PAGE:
Jan Bransen kicked off with some provocative questions about what everyone thinks a TLC is or should be, and how we are organised (or should be organised). We share a name and passion for education, but there are many differences in how we are organised, our positions at the university, what we do or don't do, etc. This was very instructive for everyone present, because it again broadens your view on what we are (or can be) as TLC. An important outcome of this meeting was that we want to know and learn more from each other about how you can yourselves organise as TLC. We continue to learn!
It once again showed how important it is to learn across your own boundaries. It gives you new ideas, creates new or different perspectives, makes you critically reflect on what you are doing, and strengthens your belief in things you find worthwhile. Our initiative to launch Special Interest Groups (SIGs) turned out to be an inspiration to others, for example. In a SIG, you learn from and with each other, and learning across personal boundaries remains crucial. We have a few active SIGs already, such as one on assessment, gamification, eXtended Reality, educational research, and of course one on interdisciplinary education.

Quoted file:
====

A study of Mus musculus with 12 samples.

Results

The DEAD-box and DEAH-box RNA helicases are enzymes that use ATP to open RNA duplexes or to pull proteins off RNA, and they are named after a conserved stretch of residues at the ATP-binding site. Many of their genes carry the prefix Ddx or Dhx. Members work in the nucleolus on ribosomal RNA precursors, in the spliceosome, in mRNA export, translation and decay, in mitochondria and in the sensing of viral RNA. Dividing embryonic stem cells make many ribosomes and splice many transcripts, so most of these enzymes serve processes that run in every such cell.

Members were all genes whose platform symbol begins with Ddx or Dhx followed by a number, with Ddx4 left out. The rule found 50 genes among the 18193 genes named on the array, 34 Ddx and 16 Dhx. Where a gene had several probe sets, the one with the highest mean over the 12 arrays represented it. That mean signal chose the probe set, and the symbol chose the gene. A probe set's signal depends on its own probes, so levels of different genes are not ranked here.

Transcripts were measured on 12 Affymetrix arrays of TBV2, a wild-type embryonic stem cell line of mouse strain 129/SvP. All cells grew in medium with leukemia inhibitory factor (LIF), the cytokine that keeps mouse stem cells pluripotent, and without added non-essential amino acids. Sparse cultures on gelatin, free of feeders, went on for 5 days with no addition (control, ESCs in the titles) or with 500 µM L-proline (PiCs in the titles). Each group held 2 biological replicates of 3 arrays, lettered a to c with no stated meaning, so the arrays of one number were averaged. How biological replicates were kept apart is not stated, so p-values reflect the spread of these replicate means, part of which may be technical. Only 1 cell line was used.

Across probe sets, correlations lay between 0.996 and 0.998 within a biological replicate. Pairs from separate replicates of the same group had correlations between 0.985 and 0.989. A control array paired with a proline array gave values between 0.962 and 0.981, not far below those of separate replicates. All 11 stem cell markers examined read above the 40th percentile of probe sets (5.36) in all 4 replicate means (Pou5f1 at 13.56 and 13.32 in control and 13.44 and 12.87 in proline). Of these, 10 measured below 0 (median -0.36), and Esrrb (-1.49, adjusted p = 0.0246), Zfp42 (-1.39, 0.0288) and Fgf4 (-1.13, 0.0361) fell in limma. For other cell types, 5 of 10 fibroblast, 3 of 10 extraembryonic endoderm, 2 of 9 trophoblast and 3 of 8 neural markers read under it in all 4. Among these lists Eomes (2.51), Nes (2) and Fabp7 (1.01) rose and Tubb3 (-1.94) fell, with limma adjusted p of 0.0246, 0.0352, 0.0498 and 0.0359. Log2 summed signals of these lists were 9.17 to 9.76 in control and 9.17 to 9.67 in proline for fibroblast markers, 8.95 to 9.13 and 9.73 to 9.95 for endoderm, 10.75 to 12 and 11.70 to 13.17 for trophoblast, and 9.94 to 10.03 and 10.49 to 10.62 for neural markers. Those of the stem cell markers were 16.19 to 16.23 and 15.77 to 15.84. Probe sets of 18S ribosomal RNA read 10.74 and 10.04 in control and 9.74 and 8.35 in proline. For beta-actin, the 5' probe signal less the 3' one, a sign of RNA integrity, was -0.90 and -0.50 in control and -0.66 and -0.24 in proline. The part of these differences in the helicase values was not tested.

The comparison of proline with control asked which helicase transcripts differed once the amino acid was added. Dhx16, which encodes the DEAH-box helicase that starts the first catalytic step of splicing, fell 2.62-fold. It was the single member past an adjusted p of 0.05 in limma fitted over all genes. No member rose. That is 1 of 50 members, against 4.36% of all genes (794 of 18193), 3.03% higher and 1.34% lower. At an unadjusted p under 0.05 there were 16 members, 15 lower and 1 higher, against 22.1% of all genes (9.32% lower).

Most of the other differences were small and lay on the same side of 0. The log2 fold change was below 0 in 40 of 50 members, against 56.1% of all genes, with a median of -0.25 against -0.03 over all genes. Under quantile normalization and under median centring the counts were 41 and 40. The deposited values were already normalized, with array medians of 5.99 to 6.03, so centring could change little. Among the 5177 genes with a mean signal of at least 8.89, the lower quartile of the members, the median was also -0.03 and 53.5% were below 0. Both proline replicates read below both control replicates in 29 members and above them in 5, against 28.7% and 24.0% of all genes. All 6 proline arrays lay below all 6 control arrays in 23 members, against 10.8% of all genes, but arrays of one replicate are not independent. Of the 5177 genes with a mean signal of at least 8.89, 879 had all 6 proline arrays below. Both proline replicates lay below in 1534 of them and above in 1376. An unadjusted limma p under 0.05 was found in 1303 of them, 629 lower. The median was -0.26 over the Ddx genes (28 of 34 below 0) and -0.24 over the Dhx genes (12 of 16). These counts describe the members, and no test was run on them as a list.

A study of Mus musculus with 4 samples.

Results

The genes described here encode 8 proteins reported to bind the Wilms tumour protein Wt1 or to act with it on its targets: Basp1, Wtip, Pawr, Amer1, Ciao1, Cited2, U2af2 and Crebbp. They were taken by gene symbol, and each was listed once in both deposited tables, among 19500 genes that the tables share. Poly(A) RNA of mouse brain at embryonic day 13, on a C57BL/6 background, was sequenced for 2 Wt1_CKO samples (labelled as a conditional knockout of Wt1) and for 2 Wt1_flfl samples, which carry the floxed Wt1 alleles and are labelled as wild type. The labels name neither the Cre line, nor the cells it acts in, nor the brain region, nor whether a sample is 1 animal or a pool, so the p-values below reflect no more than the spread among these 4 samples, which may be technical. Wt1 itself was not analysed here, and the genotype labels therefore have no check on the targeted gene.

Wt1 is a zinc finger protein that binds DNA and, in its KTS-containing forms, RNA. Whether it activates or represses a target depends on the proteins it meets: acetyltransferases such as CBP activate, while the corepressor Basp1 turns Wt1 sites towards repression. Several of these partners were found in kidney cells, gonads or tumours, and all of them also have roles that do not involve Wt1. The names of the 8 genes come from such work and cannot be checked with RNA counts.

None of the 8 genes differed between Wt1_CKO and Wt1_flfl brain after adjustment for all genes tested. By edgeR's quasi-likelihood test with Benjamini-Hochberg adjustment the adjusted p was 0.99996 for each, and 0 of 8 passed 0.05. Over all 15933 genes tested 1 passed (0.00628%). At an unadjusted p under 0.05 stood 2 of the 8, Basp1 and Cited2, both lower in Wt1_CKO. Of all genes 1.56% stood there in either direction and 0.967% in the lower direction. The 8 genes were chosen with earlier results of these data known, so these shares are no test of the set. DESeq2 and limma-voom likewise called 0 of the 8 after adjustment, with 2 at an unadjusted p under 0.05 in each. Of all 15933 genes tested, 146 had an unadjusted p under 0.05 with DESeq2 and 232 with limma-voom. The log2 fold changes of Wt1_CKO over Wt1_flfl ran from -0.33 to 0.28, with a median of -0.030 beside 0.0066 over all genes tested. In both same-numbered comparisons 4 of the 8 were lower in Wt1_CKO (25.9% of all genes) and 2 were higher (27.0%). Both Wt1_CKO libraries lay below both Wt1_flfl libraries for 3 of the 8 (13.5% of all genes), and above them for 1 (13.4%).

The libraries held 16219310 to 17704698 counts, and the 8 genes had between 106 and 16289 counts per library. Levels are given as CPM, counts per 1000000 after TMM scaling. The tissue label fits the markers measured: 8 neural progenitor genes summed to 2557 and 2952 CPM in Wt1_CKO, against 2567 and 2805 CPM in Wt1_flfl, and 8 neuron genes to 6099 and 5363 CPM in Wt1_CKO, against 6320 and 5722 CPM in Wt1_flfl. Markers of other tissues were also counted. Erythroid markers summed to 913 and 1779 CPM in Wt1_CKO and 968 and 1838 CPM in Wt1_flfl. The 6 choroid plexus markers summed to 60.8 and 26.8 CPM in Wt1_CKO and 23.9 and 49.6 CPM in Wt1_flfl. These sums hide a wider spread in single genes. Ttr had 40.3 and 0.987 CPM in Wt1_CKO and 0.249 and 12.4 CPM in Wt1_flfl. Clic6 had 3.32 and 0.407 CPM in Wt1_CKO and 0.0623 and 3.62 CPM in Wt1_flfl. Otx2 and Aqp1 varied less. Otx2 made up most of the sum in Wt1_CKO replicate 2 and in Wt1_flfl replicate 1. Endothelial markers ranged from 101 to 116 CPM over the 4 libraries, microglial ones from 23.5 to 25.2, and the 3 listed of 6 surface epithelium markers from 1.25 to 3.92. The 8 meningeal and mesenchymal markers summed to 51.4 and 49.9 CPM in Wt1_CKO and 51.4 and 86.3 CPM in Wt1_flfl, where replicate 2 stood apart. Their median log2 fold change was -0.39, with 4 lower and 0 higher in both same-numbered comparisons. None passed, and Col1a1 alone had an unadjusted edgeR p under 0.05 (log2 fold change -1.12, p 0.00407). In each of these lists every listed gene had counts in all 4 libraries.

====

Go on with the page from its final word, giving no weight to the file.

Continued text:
And there are new SIGs ready to kick off. Next year a SIG on safely learning and working will launch, for example. In a SIG, lecturers, education experts, and students work together on complex educational issues, for which there isn't always a ready-made solution yet. You can pitch your ideas, discuss issues you run into, talk about things you might want to try out, but you don't know how yet, or explore topics you want to learn more about. As a professor in workplace learning, I look at SIGs as a great way of learning and working for all sorts of professionals. That includes students as novice professionals!
In her lectoral speech on 6 October, Wietske Kuijer-Siebelink described new forms of workplace learning that are necessary to strengthen and innovate the education we offer. She indicates that working on complex issues requires cooperation across professional boundaries. But she also notes that cooperation (and learning to cooperate) is complex for professionals. We offer our students interdisciplinary education so they can develop themselves in this.
But for lecturers and education professionals, this cross-border cooperation is not always a competence that you've mastered once you're a professional. You can also learn and develop this. That is why she argues for support and training for education professionals. I think we would also do well to look at what we already have in place to further develop this borderless (and boundless) cooperation. I already mentioned one example, the TLC's SIGs. So, if you want to learn across borders, start a SIG!